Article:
The mythical, mysterious 1%
I, for one, welcome my Neandertal ancestry.
It may not sound like a lot — between 1 and 4 percent. But that’s the equivalent of one great-great-great grandparent’s DNA contribution. In the case of the Neandertal contribution, more than 1500 generations ago, it’s an enduring legacy of an ancient group of people, spread across many lines of the genealogies of living people. Beyond their genealogical interest, Neandertal genes might have made a big difference to our evolutionary potential.
Think that the idea of man being related to monkeys makes some people’s heads spin? How are they going to manage the idea of having a bunch of savage ancestors?
This blog post from John Hawks gives one of the clearer general summaries of a research paper that traces our genetic cross-over with our Neandertal ancestors. (You’ll find the research embedded all over the web. For instance, here’s economist Mark Thoma’s refreshing free association between the Neandertal research and challenges in the study of economics.)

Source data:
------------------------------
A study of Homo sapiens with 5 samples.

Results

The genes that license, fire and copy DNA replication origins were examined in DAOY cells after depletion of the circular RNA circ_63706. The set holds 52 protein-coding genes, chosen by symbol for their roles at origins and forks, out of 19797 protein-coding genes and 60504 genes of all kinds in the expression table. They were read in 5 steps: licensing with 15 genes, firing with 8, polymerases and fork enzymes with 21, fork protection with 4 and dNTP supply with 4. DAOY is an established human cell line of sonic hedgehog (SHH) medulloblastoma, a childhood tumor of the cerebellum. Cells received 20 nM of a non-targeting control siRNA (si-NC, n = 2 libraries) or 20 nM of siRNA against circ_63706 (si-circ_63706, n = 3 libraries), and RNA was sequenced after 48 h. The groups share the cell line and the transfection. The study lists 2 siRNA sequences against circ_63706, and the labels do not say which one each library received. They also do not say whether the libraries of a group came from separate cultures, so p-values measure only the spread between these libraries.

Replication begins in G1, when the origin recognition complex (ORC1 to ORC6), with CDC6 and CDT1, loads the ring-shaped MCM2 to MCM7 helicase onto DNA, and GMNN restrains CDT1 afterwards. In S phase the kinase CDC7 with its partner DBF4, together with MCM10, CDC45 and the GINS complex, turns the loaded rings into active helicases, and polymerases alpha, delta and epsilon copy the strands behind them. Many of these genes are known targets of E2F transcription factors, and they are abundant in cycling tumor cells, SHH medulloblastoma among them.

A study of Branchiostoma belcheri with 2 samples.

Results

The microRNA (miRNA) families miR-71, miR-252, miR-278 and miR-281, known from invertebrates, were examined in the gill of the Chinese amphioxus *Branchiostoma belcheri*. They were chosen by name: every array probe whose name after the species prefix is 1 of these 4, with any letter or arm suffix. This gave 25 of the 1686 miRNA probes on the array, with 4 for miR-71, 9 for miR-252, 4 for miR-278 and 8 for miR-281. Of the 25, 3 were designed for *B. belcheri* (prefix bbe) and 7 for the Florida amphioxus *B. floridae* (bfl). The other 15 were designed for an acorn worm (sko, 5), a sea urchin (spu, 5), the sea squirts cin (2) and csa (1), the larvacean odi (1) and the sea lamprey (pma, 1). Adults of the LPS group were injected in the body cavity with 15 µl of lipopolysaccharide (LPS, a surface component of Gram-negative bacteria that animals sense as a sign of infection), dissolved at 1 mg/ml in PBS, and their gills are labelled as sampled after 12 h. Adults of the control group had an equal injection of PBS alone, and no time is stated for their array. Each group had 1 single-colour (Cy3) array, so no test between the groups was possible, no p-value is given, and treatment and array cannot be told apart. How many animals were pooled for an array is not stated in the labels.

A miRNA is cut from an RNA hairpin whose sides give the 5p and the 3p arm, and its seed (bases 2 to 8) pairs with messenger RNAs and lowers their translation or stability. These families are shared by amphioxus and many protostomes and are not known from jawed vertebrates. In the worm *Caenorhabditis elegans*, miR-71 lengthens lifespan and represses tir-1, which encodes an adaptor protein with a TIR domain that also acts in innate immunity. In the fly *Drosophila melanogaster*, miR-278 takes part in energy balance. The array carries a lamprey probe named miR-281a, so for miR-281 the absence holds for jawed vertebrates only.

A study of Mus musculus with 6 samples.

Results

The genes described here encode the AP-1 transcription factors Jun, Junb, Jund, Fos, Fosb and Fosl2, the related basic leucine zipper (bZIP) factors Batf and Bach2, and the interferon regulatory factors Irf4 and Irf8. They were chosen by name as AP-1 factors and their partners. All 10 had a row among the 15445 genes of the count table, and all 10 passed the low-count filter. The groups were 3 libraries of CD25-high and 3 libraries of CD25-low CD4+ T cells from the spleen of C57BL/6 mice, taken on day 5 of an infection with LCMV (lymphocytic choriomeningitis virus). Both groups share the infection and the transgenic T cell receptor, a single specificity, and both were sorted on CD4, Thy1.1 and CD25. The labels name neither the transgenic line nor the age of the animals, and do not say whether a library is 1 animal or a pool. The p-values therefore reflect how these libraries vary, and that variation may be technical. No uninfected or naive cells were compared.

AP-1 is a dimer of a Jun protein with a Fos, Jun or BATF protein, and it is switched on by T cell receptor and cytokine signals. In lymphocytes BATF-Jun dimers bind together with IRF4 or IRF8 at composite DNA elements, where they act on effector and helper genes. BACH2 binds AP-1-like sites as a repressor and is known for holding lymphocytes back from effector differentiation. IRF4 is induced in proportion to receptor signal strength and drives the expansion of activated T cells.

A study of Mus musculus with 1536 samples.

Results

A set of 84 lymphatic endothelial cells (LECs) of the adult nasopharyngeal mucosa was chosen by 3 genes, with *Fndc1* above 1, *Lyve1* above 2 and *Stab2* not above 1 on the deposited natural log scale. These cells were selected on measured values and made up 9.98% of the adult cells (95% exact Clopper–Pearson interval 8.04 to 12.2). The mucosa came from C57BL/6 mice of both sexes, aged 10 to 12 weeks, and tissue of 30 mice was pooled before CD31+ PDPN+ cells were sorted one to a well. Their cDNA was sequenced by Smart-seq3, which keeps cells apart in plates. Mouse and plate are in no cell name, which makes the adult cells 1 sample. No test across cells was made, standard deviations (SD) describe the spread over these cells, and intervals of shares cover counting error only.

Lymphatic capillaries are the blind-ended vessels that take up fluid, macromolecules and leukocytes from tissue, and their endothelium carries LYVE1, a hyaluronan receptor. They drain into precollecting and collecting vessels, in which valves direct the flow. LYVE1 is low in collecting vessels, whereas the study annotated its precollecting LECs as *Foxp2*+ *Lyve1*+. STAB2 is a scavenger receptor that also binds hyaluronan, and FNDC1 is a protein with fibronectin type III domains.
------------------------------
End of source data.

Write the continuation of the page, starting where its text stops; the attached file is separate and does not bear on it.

Which way have the genes propagated? What activities occurred, between who? We’re like a family that starts trading stories about a distant cousin. The scandals are titillating and strangely recognizable.
The nature of man isn’t pure. There is no pre-cut mold, perfect model, static image. The potential of man is a work build on the shoulders of others. It can’t be achieved alone. There is no perfection, only ideals. Our sense of self is an eddy in the endless stream of mankind.
If 1% of our genes are shared with some neandertal ancestor, then some 1% of us will be shared some 300,000 years hence. We’re just in a moment.